Board meets day after official takes blame, adds trustee

Published: Friday, Nov. 8, 2013 1:15 a.m. CDT • Updated: Friday, Nov. 8, 2013 1:40 p.m. CDT
Caption
Walter Neal

ROCK FALLS – Coloma Township’s board of trustees met Thursday, a day after its supervisor took blame for the township’s financial problems and admitted she’s not good with math. 

The board held a scheduled meeting to fill a vacancy on the board, but nothing was said during the session about Supervisor Debra Burke’s statements. She presided over the meeting. 

Afterward, Gene Jacoby, a township trustee for more than 35 years, declined to speak about the issues, saying repeatedly “no comment” to a reporter. 

Another trustee, Mary Richardson, said Coloma’s finances were a “work in progress.” The township, she said, would have answers once the audit is done.

Trustee Peggy McFadden said a day earlier that Coloma’s books were a mess. 

At the meeting, the trustees considered three candidates – Pam Henderson, Don Koehler and Walter Neal – for the position left vacant by longtime Trustee Bob Sondgeroth, who resigned in September. 

Jacoby asked Neal, who was at the meeting, whether he planned to run for the office in the next township election, set for April 2017. 

“That needs to be asked,” Jacoby said.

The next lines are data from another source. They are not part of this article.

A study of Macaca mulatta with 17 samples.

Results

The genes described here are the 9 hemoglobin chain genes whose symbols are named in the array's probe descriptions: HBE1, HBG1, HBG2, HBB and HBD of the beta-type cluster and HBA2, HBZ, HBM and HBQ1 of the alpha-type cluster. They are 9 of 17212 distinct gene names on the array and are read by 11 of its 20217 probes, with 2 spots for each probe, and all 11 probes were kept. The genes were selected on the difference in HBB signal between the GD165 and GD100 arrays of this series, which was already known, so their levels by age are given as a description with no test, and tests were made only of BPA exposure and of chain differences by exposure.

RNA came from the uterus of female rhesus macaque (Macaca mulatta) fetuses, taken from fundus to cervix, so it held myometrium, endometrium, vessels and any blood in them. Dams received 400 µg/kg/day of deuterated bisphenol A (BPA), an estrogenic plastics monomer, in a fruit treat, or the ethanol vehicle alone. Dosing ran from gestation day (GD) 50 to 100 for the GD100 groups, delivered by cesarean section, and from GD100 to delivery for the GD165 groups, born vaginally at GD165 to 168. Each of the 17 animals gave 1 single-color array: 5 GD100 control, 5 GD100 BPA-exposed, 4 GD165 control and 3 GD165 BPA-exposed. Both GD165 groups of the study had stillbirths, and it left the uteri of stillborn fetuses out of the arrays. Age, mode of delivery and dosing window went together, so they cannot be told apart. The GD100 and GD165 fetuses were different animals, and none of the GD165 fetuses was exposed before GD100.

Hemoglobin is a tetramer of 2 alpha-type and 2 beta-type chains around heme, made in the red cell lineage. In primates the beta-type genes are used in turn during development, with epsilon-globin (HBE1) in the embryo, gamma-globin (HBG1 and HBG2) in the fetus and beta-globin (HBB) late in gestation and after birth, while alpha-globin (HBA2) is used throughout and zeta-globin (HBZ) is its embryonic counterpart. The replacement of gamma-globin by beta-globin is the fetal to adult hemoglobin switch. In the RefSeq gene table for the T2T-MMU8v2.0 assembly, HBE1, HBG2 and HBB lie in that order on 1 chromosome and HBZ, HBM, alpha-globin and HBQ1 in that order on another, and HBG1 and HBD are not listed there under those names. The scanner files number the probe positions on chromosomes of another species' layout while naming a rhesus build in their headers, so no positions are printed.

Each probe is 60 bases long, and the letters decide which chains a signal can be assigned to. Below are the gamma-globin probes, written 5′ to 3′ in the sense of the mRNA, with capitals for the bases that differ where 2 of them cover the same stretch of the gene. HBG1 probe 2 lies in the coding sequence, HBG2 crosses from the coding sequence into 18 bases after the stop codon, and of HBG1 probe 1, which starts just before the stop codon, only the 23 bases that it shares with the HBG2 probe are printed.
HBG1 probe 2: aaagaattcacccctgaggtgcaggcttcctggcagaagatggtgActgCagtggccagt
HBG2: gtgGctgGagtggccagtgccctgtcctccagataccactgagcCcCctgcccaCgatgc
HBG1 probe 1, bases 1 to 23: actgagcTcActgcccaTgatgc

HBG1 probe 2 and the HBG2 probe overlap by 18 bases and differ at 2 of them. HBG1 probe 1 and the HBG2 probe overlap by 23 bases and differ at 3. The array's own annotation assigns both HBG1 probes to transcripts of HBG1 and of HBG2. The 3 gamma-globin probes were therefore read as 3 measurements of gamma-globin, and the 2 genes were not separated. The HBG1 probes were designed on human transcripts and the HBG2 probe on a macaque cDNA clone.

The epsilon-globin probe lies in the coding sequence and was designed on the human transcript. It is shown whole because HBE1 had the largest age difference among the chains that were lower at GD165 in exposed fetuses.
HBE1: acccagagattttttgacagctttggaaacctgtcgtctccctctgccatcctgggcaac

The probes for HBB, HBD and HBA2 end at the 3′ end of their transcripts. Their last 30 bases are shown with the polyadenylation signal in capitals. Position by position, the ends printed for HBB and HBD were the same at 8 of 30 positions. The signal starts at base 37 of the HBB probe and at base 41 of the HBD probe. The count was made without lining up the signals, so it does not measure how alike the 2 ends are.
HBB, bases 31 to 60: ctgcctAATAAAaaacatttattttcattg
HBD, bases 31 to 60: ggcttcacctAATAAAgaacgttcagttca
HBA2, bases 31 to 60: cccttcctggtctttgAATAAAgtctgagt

Neal said he would. 

Jacoby backed Koehler’s candidacy.

“He has a real fine idea about what needs to be done,” Jacoby said. “He’s a really steady person.”

The vote was a tie between Neal and Koehler. Jacoby and Richardson voted for Koehler, while McFadden and Burke backed Neal, a former Riverdale school board member. 

Township Clerk Pamela Erby broke the tie in favor of Neal.

In a later interview, Neal said he would study the issues.

“I’m on the outside. It’s hard to make a comment right off the bat,” he said. 

Coloma Township hasn’t submitted a financial report to the state comptroller’s office – something every government entity is required to do annually – since 2009. Every other taxing body in Whiteside County has done so, including the other 21 townships, all but one of which are smaller than Coloma.

The township also has been late – sometimes by years – publishing required financial reports in the newspaper. 

When Coloma finally has published reports, they have been riddled with errors. 

In the Wednesday interview about the problems, Burke said, “It’s all on me.”